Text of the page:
Off-Label Promotion and the U.S. Constitution

You would think these ten simple words are clear enough: "Congress shall make no law...abridging the freedom of speech..." Apparently not. Congress did, of course, pass a law prohibiting pharmaceutical companies from promoting off-label uses for drugs and put the FDA in charge of that enforcement. Never mind that off-label prescribing is widespread, legal, and helps American patients. Never mind that Congress itself, Medicare, the Department of Veterans Affairs, the National Cancer Institute, and the National Institute of Health actively encourage off-label prescribing.

A drug's "label" is the drug's FDA-approved prescribing information--the package insert. Any approved use is considered on-label, while any use not listed on the insert is considered off-label, even though the off-label use may effectively treat a medical condition and reflect the best medical practices. Although the FDA tolerates off-label usage, it forbids companies from promoting such uses. Promotion is really just communication and communication is speech. So the FDA is in direct violation of the First Amendment. Something has to give.

This is not some academic issue, as pharmaceutical companies have been pressed into paying almost $12 billion in fines over the last decade. In fact, just today GlaxoSmithKline announced that it settled its case for a whopping $3 billion.

In other news today, pharmaceutical companies are mounting a concerted legal effort to overthrow or weaken this and similar rules. Their case got a boost this summer when the U.S. Supreme Court cited the First Amendment in striking down a related Vermont law. In its decision, the court wrote that speech used in drug marketing is a form of expression protected by the Free Speech Clause of the First Amendment. It's good that someone is actually reading the Constitution.


Off-label prescribing may help patients in some cases, but it also harms patients and there is a reason the FDA forbids marketing for off-label indications. Think Infuse. Surgeons all over the U.S. have been using it at dosages that are off-label and as high, and often higher, than that offered by Amplify... a substance which FDA denied approval for because of a significant increase in the incidence of cancer among those who received it. I, for one, am glad I am not one of the thousands of patients who received off-label high-dose Infuse and do not have to constantly worry about what the future holds for me as a result.

If companies have an indication they'd like to market a drug for, they can run the studies and apply for approval. There's no one saying they can't do that. Pushing off-label prescribing is a way to get around the expense of running scientific studies to prove that a drug actually works and is safe for an indication. If you'd like to go back to the Snake Oil days when anyone could sell anything for any condition, you're welcome to. But don't force it on me. I'd rather be at least semi-confident that the drug I'm taking has gone through at least minimally rigorous (though likely pharma-sponsored) scientific analysis.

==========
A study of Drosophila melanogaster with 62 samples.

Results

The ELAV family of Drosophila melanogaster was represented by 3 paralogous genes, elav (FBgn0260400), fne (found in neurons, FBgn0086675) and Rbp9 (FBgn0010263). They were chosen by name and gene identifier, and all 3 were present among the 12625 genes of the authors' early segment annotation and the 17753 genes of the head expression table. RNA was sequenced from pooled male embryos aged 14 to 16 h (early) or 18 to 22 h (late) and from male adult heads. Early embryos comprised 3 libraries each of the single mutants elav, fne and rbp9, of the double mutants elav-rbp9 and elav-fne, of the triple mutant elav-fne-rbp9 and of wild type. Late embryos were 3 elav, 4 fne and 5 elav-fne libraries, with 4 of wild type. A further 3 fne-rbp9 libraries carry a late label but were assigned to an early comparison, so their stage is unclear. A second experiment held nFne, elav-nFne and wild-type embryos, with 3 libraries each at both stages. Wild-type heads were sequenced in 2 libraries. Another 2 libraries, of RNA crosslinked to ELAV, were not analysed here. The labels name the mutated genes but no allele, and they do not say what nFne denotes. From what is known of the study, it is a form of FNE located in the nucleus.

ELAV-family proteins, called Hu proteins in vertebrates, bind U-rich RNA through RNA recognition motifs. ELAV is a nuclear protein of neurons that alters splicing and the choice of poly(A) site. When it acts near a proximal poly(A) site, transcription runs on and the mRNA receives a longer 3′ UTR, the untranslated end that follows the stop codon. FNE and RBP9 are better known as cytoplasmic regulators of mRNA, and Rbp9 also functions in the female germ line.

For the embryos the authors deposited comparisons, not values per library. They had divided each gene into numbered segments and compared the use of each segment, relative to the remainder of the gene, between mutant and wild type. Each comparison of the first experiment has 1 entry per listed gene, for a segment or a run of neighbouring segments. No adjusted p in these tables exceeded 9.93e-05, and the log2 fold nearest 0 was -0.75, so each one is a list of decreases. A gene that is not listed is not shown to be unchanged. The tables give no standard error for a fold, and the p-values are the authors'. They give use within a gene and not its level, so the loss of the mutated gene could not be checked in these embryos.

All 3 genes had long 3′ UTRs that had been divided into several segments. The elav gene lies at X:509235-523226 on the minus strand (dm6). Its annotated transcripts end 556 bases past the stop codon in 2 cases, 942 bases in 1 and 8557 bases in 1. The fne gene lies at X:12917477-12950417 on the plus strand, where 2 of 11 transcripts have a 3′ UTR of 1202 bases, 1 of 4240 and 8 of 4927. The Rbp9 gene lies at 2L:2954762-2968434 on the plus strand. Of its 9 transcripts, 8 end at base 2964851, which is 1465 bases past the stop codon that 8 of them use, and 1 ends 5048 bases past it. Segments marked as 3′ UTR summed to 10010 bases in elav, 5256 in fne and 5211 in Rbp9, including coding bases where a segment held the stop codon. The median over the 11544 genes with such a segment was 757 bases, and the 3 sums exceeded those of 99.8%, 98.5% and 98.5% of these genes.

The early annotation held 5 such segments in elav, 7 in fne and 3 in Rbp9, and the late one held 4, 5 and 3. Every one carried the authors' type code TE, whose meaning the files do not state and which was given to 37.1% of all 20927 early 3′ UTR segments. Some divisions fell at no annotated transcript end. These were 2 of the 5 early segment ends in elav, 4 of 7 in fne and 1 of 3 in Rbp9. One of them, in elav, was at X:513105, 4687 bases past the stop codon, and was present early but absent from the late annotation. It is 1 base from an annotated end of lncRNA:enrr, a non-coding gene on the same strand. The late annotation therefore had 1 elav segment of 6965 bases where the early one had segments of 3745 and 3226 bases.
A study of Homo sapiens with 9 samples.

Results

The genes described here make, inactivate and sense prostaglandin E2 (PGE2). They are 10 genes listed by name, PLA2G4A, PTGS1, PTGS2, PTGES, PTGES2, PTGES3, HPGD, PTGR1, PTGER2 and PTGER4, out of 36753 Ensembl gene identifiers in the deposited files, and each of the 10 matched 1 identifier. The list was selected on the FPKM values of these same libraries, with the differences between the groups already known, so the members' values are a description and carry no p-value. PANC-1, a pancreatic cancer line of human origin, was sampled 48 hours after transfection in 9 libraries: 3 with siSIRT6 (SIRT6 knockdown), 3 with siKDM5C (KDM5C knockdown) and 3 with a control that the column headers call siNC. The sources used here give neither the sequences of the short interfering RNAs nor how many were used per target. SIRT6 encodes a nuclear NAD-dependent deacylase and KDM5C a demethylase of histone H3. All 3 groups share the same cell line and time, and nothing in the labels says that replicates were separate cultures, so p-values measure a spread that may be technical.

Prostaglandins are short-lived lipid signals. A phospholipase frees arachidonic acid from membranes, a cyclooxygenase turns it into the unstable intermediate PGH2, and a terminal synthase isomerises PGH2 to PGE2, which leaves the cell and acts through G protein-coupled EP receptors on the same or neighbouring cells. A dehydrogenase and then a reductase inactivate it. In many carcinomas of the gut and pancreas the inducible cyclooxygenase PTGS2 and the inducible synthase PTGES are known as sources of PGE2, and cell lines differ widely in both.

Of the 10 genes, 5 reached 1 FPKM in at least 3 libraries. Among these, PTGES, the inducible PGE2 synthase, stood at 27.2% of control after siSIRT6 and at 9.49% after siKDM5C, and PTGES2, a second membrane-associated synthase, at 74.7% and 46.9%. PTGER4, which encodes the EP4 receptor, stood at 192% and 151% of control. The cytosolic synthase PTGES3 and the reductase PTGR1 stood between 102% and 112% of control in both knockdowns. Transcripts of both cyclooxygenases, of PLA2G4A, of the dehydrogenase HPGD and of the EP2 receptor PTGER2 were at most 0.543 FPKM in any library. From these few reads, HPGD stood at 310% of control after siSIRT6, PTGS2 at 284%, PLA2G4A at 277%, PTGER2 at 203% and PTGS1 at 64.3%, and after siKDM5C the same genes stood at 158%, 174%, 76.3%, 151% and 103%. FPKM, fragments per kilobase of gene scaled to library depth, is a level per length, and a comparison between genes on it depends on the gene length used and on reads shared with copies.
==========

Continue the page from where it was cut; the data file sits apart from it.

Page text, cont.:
Let's review a hypothetical case and see if we really would return to the days of snake oil sales.

Disaster strikes and you are diagnosed with HER2 over-expressing breast cancer. Around this same time, AstraZeneca starts to promote Crestor (rosuvastatin) for this type of breast cancer. (This is not true, of course, but I'm using it as a hypothetical example.) Anyway, the AstraZeneca sales representative has a sales call with your physician and recommends that he/she try Crestor for breast cancer patients. Your physician would say, "You're kidding, right? What data do you have? What's the mechanism of action? Is this a joke? What other doctors have used it that way and can I talk to them?" To this, the AstraZeneca sales rep has no good response.

Now imagine that this physician makes a huge mistake and prescribes Crestor for your breast cancer anyway. How will he/she tell you what dose to take when there's no supporting data? You leave perplexed but go to the pharmacy to fill your prescription. Your insurance company rejects the claim because it only pays for Crestor for hyperlipidemia and dyslipidemia, two cardiovascular conditions.

Now imagine your insurance company makes a huge mistake and allows the claim. Your pharmacist then flags this prescription as suspect and tells you there has been a mistake. Your pharmacist calls your doctor to report the problem.

In addition to all these protections, we can add the general press (TV, newspapers, magazines such as Consumer Reports, and newsletters such as Berkeley Wellness Letter) and the industry press, which all say that Crestor doesn't treat breast cancer. And then there is the Susan G. Komen website where breast cancer victims give each other advice. Women on that site will tell you that you should have gotten Herceptin (trastuzumab) instead of Crestor.

Let's say all these protections fail and you take Crestor and your breast cancer worsens, you can sue AstraZeneca and your doctor. You will win and receive millions of dollars, as will other women across the country.

Now imagine that you work at AstraZeneca. Would you decide to spend limited company resources promoting Crestor for breast cancer instead of the home run of hyperlipidemia? Even if you did, your boss or your boss’ boss would override your decision. It would be an astonishing company to make such a bad decision.

I hope you can see that we would not return to the days of snake oil sales.